Bariatric surgery is not suitable for all people who are obese. Everyone will agree that people should try appropriate dieting, exercise, and other ways to lose weight before considering surgery.
Weight Loss Surgery has been most successful for people who meet the criteria listed below. At Georgetown Bariatrics & Advanced Surgical Services, weight loss surgery is done only if a patient meets the following criteria:
Rather than relying only on the bathroom scale to tell you if you’re overweight, experts say you should also know your body mass index (BMI). BMI takes into account not just your weight, but also your height to indicate body fat.
Although your BMI does not actually “measure” your percentage of body fat, it is a useful tool to estimate a healthy body weight based on your height. The goal for most people is a BMI that’s over 18 and under 25.
There are several medically accepted criteria for defining severe obesity: more than 100 lbs. over your ideal body weight, or a Body Mass Index (BMI) of more than 40, or a BMI of more than 35 and severe negative health effects, such as high blood pressure or diabetes, related to being severely overweight, or inability to achieve a healthy body weight for a sustained period of time, even through medically supervised dieting.
Clinically severe obesity is a serious medical condition that demands a multidisciplinary approach for treatment. Severe obesity is often accompanied by high blood pressure, diabetes, degenerative arthritis, increased cancer risk and heart attacks. The death rate of severely obese people in every age group is about ten times higher than those of normal weight. Quality of life is threatened because severely obese people cannot move about easily or comfortably, and self-esteem and self- confidence are often affected.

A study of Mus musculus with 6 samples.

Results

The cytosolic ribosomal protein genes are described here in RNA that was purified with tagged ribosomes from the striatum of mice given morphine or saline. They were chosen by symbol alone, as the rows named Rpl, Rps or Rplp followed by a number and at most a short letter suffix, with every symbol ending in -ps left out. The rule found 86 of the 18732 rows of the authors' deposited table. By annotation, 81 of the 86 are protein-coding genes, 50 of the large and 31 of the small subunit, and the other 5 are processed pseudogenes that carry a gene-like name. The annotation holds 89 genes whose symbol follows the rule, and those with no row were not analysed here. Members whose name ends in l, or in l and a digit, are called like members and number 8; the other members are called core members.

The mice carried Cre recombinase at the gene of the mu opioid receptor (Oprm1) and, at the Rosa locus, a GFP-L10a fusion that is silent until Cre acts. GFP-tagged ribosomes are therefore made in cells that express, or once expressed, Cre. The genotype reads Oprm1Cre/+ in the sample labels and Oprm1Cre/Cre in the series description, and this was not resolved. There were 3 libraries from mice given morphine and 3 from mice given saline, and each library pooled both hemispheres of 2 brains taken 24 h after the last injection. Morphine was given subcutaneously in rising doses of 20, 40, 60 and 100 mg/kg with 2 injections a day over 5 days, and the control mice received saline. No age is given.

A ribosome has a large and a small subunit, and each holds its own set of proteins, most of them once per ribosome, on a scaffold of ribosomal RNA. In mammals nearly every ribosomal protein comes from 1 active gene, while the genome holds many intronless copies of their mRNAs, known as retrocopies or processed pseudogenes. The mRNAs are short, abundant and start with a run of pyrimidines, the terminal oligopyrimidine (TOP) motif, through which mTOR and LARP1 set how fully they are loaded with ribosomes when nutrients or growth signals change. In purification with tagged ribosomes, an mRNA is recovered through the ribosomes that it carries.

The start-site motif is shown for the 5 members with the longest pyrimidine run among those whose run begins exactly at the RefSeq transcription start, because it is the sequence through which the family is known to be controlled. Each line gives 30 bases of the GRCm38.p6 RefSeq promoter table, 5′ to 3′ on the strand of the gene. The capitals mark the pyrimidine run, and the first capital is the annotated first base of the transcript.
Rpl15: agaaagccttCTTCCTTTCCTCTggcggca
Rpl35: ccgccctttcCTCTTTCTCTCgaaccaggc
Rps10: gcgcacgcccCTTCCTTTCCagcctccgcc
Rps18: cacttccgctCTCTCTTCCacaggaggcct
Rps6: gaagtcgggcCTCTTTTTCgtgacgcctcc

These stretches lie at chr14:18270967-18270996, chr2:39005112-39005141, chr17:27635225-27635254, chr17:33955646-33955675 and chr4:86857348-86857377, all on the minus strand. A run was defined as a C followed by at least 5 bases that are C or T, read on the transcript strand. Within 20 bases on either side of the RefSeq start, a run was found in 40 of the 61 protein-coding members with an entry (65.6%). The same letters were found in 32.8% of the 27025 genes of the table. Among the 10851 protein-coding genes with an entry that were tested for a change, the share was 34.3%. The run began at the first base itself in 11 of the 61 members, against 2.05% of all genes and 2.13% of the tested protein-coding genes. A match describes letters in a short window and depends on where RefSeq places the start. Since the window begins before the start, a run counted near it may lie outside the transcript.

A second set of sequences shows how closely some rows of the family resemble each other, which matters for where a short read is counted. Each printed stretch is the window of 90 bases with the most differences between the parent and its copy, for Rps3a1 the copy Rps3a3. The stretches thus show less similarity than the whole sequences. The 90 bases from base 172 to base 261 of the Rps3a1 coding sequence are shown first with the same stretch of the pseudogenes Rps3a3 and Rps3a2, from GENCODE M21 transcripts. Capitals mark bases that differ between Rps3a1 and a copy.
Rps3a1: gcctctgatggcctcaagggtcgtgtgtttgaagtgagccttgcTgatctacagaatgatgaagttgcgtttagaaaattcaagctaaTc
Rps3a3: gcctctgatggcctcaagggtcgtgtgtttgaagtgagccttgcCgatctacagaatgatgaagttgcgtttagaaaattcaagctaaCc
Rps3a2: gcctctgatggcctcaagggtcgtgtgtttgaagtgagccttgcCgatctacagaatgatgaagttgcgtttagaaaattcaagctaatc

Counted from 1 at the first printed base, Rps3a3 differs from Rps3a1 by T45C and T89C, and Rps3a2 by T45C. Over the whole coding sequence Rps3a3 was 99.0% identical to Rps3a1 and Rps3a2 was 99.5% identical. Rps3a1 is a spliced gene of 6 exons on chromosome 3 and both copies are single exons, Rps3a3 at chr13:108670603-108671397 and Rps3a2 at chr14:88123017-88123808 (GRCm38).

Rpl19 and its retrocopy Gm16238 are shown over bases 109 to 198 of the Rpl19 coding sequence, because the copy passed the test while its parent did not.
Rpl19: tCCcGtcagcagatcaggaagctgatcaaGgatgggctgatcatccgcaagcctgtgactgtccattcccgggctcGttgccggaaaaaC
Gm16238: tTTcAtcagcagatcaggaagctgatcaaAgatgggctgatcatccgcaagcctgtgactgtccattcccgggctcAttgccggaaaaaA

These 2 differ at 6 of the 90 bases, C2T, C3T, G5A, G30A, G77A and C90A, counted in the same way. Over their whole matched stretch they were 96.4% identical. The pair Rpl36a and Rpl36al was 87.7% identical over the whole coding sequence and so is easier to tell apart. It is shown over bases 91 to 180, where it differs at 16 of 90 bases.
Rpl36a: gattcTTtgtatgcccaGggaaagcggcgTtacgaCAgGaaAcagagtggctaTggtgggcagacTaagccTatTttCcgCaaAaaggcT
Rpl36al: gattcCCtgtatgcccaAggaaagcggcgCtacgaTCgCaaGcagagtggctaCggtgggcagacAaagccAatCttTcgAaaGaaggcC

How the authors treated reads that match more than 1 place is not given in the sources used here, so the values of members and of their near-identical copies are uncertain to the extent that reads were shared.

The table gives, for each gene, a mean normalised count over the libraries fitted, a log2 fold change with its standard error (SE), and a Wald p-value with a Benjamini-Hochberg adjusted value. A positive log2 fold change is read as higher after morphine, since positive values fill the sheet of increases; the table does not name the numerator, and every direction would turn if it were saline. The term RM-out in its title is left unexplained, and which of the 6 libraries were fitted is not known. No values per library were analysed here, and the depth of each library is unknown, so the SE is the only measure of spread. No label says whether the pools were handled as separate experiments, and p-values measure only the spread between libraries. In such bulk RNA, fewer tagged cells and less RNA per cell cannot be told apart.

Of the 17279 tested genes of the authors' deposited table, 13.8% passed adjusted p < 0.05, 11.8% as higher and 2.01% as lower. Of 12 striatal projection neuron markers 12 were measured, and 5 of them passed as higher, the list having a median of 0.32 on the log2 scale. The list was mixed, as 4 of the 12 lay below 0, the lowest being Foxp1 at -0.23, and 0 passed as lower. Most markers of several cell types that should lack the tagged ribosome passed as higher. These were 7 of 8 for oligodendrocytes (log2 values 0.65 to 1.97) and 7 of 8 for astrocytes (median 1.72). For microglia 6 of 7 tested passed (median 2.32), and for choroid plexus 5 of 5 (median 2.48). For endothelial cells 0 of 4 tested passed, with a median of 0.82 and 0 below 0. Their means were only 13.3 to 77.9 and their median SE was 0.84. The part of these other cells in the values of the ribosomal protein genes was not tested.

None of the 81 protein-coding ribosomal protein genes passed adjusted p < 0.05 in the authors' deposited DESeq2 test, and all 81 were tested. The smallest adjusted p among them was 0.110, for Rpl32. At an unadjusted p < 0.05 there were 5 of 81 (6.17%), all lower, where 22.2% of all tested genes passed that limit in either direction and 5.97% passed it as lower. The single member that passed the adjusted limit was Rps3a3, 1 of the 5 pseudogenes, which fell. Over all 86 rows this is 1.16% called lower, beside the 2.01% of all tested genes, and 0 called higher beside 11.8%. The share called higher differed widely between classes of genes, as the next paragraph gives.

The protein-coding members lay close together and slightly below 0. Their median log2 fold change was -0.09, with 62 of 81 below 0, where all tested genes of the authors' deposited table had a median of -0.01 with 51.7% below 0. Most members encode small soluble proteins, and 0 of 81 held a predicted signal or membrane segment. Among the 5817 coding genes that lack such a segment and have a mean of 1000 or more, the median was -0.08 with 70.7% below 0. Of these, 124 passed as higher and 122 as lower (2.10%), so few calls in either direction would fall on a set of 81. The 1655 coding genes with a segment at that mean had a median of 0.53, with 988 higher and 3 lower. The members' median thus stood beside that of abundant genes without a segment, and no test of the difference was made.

In 1991 the National Institutes of Health (NIH) assembled physicians, nutritionists and other healthcare professionals and made recommendations regarding bariatric treatment. “Bariatric” means obesity. From this gathering, the NIH now recommends that weight reduction should always be recommended for patients with severe obesity. If nutrition therapy, exercise, and behavior modification cannot successfully reduce weight, bariatric surgical procedures such as the Roux-en-Y gastric bypass, gastric sleeve and adjustable gastric banding are options. For many years these procedures required an incision from the breast to the groin, the open method, which comes with certain risks.
Since then, the laparoscopic method, which requires several one-inch incisions in the abdomen, has been approved as an alternative method to perform these surgical procedures.
It is important for anyone considering bariatric surgery to understand the many medical, psychological, behavioral and financial aspects. For your recovery to be successful, you will need to make some lifelong changes. Some of the changes may seem difficult, but the result can be permanent weight reduction and overall improved health.